Profile: The Brain Trust
Jane and Bob Stein on a hike to Upper Fish Creek Falls. Photo courtesy Bob and Jane Stein.
By Jennie Lay
Call it Steamboat Springs’ brain trust. Each fall, the Seminars at Steamboat board gathers to contemplate social, political and economic issues that might engage the community the next summer. They vote. And then they spend winter pursuing some of America’s most educated, experienced and compelling speakers to visit Steamboat in the summertime to talk about big ideas.
The idea for the non-partisan Seminars evolved during a summer hike in 2002. Bob and Jane Stein were on the trail with Belle Sawhill, who works for the Brookings Institution, and Jim and Freddi Goodrich. The five decided to see if they could mine their Washington, D.C., contacts and bring people to Steamboat to talk about public policy issues.
“We didn’t know whether it would fly,” Bob says.
In 2003, Joseph Nye, dean of Harvard’s John F. Kennedy School of Government, was Seminars’ inaugural speaker in Centennial Hall. “We said, ‘If we have 40 people it at least won’t be embarrassing,’” Jane says. “It was standing room only.”
“It resonated. It was something that people here really wanted. We were delighted,” Bob says.
Heading into its 11th season, Seminars is a hallmark of Steamboat summers. Now at home in the Strings Pavilion, the audience always fills to capacity. If there is a craving for direct connection with thinkers and policy-makers, it’s being sated by well-connected folks like the Steins.
Native New Yorkers, the Steins moved to Washington, D.C., in 1966 for Bob’s job with the U.S. Arms Control and Disarmament Agency. They never left. Bob, a lawyer, spent much of his career in the international arena working with issues in the environment and health, notably AIDS. Now he volunteers on various American Bar Association committees that deal with individual rights and legal aid for indigent defense.
Jane spent her career as a journalist covering health and science policy, writing magazine articles as well as books on topics ranging from medical ethics to solar power, to how health insurance works. She just finished a children’s book.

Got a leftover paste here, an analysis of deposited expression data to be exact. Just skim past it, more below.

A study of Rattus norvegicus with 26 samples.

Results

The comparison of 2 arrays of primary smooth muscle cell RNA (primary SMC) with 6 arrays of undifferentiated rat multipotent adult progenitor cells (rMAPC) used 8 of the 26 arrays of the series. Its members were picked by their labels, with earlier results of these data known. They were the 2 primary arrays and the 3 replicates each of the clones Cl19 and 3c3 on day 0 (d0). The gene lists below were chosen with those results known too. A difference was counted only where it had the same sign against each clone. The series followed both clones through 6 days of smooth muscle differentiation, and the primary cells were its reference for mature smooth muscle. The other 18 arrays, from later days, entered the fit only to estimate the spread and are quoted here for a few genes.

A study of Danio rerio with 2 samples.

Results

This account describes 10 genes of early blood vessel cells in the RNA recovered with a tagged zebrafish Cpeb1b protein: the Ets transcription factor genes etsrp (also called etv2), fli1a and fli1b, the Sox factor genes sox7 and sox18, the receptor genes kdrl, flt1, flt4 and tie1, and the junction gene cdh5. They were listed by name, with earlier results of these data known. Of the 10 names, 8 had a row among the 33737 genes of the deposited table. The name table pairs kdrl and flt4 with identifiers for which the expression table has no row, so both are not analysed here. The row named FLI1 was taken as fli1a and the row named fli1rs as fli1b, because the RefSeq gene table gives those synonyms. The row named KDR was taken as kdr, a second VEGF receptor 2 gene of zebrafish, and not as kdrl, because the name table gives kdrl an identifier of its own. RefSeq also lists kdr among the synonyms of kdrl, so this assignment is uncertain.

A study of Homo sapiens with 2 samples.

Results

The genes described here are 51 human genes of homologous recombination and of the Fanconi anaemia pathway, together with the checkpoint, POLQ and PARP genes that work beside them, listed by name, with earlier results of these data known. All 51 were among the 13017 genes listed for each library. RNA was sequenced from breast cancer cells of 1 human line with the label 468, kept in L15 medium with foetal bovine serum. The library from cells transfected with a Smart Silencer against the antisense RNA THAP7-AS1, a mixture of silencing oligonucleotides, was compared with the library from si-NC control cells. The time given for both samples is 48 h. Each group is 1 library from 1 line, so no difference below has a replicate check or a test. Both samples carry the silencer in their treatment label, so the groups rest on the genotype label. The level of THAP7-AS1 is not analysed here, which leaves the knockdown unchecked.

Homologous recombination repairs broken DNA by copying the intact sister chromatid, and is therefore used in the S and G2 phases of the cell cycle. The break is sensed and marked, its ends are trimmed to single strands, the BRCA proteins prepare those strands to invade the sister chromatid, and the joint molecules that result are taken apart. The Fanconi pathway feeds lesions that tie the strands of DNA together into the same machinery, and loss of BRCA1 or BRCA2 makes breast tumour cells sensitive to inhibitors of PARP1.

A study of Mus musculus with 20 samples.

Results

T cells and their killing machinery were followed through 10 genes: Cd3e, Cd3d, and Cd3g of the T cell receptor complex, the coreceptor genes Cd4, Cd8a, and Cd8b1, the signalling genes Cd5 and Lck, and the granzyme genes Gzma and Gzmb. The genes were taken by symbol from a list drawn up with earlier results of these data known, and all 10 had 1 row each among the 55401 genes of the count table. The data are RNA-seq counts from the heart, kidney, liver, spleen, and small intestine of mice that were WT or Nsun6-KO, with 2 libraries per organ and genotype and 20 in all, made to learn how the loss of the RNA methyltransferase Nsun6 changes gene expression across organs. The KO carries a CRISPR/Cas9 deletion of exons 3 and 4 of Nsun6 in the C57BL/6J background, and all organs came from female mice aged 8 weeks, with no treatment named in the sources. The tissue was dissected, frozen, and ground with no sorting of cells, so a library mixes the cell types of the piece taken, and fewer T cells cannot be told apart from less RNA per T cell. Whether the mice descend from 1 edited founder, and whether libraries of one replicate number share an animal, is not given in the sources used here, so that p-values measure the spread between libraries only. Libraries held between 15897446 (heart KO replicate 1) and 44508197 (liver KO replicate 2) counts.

So, are they retired?
“We use the word refocused,” Bob says.
“It’s very hard for me to use the word retired,” Jane says. “It doesn’t fit in with what we do.”
“One of the things that we feel strongly is that Steamboat is one of our homes and we want to be involved in the community. Second-homeowners can make a contribution,” Bob says. Avid skiers who now spend about a third of their time in Steamboat, the Steins have owned a home in Steamboat since 1981. They volunteer year-round with Horizons and STARS, and in creating Seminars they’ve created an institution that promises to keep their Colorado hometown on its toes.
Early on, they leaned on founders’ contacts and distinguished careers, but after a decade of high-powered speakers, Seminars has earned its own prestige and an attractive calling card that promises extra days to enjoy Steamboat.
By putting the community in direct contact with foreign ambassadors, journalists, economists and academics, the Steins’ efforts have bolstered local discourse on everything from foreign policy to economics. In turn, Steamboat’s sophistication has shown up in force: “We get comments from the speakers that the questions that are asked are generally at a very high level,” Jane says.
Humbly, the Steins insist that Seminars is fueled by the generosity of the community and the interest of people who regularly pack the house to hear from different backgrounds in the partisan divide. Keeping Seminars free remains a priority. “People glomming onto these great ideas are one of the things that make Steamboat so exciting,” Bob says.
What the Steins treasure most is not being on a board, but being on-the-ground volunteers, be it Horizons or STARS or a bike race, Bob says. “We very much enjoy that. That’s part of who we are.”